Privately held Iraqi banks have almost entirely relinquished their traditional functions — such as giving out loans, lending credit and issuing letters of credit — due to default risks. Instead, they are resorting to profit making through participation in the currency auction regularly held by the Iraqi Central Bank.
Iraqi banks demand exaggerated guarantees for the granting of any loans to local investors, for fear of defaults on payments. According to banking experts, the value of some loans does not cover more than 40% of the guarantees the privately held banks are demanding, leading to a decrease in the number of loan operations conducted by these banks to a bare minimum.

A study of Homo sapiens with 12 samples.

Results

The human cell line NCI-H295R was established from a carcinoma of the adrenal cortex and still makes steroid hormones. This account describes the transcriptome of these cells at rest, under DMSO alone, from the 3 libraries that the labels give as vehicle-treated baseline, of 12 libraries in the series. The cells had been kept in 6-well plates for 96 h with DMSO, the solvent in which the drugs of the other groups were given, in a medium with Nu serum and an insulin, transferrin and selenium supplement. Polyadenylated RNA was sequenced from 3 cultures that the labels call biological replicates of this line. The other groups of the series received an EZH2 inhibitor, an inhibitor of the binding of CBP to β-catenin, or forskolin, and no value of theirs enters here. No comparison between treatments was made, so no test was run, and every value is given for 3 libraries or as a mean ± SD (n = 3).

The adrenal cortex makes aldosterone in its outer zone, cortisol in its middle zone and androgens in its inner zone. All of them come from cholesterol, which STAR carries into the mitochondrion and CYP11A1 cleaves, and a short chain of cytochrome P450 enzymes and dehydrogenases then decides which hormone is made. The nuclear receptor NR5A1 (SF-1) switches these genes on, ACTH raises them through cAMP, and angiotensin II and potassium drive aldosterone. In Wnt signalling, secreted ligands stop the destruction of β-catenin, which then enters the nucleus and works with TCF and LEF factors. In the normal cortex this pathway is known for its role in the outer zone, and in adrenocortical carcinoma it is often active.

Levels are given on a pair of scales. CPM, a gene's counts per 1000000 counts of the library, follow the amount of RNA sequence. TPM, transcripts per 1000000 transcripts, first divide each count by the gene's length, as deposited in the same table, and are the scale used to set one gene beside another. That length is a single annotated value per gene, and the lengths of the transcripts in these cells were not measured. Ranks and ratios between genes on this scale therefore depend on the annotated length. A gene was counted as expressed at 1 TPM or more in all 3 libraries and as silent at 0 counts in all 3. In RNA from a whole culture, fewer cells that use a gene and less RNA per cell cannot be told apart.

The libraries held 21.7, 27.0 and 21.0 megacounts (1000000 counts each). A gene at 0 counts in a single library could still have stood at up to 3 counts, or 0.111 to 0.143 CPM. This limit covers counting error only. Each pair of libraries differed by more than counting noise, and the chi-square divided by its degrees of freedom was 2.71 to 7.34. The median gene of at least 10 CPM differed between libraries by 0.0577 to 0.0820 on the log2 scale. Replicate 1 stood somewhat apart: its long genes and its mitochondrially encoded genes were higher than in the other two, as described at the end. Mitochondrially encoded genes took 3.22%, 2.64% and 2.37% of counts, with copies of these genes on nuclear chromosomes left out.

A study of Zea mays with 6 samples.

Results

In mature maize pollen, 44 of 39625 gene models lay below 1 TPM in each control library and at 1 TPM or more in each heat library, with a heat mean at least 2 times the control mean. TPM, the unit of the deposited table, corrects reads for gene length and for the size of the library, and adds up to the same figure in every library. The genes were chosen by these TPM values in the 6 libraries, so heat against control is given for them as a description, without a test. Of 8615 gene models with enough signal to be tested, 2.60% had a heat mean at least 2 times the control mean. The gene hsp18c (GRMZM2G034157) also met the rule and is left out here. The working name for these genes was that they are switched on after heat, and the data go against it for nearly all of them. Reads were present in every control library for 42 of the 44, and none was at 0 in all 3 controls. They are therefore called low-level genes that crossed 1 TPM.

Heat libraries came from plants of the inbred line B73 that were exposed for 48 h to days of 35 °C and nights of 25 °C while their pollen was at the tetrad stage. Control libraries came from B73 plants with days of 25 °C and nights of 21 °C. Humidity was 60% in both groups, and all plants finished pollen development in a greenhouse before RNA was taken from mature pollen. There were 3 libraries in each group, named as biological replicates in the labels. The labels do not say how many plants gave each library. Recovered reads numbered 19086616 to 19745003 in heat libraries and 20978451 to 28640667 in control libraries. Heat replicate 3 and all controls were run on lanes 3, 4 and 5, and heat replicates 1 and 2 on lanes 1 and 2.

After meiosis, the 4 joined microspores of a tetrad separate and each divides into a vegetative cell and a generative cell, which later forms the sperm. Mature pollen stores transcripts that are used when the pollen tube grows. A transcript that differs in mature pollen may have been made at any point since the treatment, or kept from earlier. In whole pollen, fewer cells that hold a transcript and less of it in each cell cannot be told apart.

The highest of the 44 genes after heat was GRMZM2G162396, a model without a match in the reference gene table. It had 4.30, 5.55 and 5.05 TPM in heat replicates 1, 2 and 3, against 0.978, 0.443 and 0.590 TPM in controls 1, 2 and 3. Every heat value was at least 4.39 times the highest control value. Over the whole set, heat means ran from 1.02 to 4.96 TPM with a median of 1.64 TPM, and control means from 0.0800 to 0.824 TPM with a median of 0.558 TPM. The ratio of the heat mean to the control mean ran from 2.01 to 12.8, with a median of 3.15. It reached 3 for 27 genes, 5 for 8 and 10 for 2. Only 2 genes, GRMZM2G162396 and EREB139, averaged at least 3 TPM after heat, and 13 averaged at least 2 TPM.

A lack of local confidence in privately held banks has contributed to their reluctance to enter the market. According to banking expert Dr. Ahmad Brayhi, “Members of the public are depositing their money in government owned banks because they feel that they will honor their commitments towards them.” He also added, “The public does not have much confidence in local banks, which is why it does not trust them with its money.”
Bank brokers affirm that most privately held banks have either closed — or chosen not to open — branches in Iraqi provinces and restrict their activities to their main branches in Baghdad, due to a reluctance to engage in real banking transactions.
Out of a total of 23 privately held banks operating in Iraq, only two are located in the city of Erbil and one in Mosul, whereas 20 are located in Baghdad.